Jamestown: Alice Sharrow [ESFJ 2w1]

Functional Order: Fe-Si-Ne-Ti

Judging Functional Axis:

Extroverted Feeling (Fe) / Introverted Thinking (Ti)

Alice is good at establishing warm emotional connections to other people; she is also skilled at sensing and reading their feelings, and helping them open up about them if need be. She confides what happened to her almost immediately, in search of external support (and someone to ensure she need not marry her rapist). Alice is good at rallying people behind a cause, if need be. She relies mostly on relationships and her ability to articulate her feelings and ideas to navigate the world; but does put some effort into analyzing what is the best solution to her problems, even if she does not always analyze other people’s motives (or her own).

Perceiving Functional Axis:

Introverted Sensing (Si) / Extroverted Intuition (Ne)

She is the “voice of reason” to Verity’s flippant behaviors, because she knows how the real world works; she does not mind hard labor, picking insects off plants, or tending a farm. Alice trusts her own experiences, and struggles to overcome traumatic flashbacks when her rapist comes back to the village; she bases her entire perspective on him from their encounter, and struggles to understand how her husband can have a different (equally subjective) view of him. She has a fairly good ability to read people, and senses when her friends are up to something; she accurately figures out who is against them in town, and accuses the man responsible of harming their cow; but she does not always trust her first instincts, and they are sometimes off (the blacksmith is offended that she reads him so wrong, and she fails to realize right off how he feels about her; she also guesses wrongly who stole her child and for what reasons). When a ghost comes to Jamestown to terrorize its inhabitants, Alice recalls how she dealt with a spirit in England. She uses that knowledge as a basis of how to defeat this one.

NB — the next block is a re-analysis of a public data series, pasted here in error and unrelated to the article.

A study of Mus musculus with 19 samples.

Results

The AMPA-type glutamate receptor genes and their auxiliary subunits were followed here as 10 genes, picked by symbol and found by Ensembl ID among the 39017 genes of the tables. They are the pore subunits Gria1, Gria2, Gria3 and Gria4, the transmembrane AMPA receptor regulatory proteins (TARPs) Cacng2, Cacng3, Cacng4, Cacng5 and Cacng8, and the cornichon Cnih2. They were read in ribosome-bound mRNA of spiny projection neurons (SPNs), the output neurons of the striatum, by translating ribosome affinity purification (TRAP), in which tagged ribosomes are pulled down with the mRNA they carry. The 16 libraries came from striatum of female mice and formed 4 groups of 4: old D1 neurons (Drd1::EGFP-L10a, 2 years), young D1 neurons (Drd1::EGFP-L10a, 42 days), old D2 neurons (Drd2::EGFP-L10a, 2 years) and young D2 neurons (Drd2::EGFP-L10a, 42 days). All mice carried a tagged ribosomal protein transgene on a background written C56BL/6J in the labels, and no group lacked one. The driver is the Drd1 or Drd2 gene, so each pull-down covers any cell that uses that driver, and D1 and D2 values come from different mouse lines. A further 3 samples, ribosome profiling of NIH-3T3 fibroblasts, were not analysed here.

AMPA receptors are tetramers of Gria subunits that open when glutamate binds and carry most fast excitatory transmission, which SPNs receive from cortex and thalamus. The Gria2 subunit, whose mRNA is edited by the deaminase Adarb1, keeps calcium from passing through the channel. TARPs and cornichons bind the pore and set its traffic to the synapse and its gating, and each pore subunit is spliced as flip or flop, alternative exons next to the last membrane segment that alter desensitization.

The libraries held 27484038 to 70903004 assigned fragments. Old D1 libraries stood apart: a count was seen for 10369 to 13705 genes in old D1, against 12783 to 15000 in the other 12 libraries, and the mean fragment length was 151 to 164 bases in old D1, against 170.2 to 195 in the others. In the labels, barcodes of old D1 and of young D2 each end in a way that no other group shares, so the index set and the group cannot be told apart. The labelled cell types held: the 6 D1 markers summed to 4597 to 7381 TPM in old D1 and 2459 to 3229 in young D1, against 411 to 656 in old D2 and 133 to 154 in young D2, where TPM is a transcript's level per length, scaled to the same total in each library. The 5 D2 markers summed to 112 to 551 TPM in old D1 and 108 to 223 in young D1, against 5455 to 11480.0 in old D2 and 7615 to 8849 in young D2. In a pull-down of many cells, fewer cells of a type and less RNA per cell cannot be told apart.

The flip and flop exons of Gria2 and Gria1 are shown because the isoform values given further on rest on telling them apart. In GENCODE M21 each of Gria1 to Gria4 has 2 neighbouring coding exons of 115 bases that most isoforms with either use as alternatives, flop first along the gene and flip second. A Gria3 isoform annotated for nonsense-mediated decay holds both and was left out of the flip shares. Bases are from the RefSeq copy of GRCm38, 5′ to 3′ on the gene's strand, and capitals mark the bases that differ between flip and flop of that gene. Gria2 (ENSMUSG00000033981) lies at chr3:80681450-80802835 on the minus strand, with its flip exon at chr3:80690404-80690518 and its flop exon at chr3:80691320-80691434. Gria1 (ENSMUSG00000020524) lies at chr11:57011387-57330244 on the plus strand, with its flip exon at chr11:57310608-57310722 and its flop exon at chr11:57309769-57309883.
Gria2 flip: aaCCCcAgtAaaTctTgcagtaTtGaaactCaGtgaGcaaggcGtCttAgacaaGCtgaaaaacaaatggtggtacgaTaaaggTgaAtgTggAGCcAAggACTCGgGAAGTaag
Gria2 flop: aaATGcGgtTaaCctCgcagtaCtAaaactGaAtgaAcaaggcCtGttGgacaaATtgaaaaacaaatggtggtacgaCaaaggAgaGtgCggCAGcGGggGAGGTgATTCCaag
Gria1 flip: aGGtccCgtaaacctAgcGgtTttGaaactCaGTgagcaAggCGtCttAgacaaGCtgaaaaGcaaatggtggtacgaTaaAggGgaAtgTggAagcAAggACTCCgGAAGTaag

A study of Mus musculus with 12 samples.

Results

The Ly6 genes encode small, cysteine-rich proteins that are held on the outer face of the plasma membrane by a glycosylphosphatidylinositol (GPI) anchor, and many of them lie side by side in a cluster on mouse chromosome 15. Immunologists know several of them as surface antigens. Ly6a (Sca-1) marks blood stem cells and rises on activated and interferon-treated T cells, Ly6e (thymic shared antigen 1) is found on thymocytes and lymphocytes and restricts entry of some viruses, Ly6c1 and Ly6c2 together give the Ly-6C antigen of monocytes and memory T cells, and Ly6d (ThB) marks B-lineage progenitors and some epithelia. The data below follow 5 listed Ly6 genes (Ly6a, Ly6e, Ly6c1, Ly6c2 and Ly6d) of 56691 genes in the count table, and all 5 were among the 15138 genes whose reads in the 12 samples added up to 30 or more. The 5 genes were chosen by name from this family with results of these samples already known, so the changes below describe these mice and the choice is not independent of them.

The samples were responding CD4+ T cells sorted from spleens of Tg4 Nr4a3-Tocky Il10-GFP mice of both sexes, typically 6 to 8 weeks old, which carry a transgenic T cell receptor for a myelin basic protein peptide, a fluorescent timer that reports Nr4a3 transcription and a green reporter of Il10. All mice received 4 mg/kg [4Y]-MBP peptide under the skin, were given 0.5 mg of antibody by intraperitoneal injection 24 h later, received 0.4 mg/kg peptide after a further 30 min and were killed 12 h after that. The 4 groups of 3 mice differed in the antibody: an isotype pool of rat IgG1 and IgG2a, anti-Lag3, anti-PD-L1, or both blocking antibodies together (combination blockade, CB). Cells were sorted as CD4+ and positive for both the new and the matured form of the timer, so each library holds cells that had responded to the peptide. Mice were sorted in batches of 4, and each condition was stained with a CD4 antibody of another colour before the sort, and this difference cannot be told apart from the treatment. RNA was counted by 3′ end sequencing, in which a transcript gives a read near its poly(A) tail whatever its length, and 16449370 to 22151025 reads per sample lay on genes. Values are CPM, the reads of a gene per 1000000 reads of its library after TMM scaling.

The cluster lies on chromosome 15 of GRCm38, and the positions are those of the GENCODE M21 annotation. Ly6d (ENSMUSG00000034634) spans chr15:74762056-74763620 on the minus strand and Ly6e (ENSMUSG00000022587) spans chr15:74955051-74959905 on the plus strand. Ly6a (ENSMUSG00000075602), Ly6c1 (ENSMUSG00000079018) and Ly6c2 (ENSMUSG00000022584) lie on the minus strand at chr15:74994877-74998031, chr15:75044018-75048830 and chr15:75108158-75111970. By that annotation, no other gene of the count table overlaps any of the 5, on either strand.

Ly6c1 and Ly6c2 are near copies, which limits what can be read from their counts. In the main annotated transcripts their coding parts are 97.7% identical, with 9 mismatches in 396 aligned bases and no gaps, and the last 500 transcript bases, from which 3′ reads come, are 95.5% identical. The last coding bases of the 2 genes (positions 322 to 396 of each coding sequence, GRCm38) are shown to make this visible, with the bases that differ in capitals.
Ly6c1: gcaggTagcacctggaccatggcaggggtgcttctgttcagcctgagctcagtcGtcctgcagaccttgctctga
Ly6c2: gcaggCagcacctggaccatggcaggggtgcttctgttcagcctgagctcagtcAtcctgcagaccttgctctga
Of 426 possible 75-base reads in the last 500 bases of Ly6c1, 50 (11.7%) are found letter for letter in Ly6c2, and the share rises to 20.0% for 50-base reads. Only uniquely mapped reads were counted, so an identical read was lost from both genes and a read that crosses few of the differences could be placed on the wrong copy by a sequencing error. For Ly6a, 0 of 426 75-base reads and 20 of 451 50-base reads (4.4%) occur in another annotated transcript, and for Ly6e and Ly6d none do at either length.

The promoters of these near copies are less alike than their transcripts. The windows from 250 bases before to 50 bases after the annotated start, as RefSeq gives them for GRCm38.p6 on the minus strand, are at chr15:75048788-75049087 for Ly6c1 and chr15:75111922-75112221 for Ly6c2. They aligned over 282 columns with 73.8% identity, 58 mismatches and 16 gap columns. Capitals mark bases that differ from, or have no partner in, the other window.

Enneagram: 2w1 social

Fiercely opinionated and proactive, Alice does not shy away from stating her true feelings or leading with her heart. She is far more inclined to help others than most of her friends, spending time with the slaves, promoting their welfare and equal treatment, and offering advice and assistance to whomever needs it, whether or not she likes them that much. Alice can become aggressive and combative under stress, reacting like an 8 in her desire to stand her ground and protect those she cares about. Her 1 wing has fierce opinions about doing the right thing and being seen as above reproach. She often conflicts with her husband about his actions (she sees him as taking credit for something he did not do, by pretending he “captured Maria,” as a falsehood and beneath him).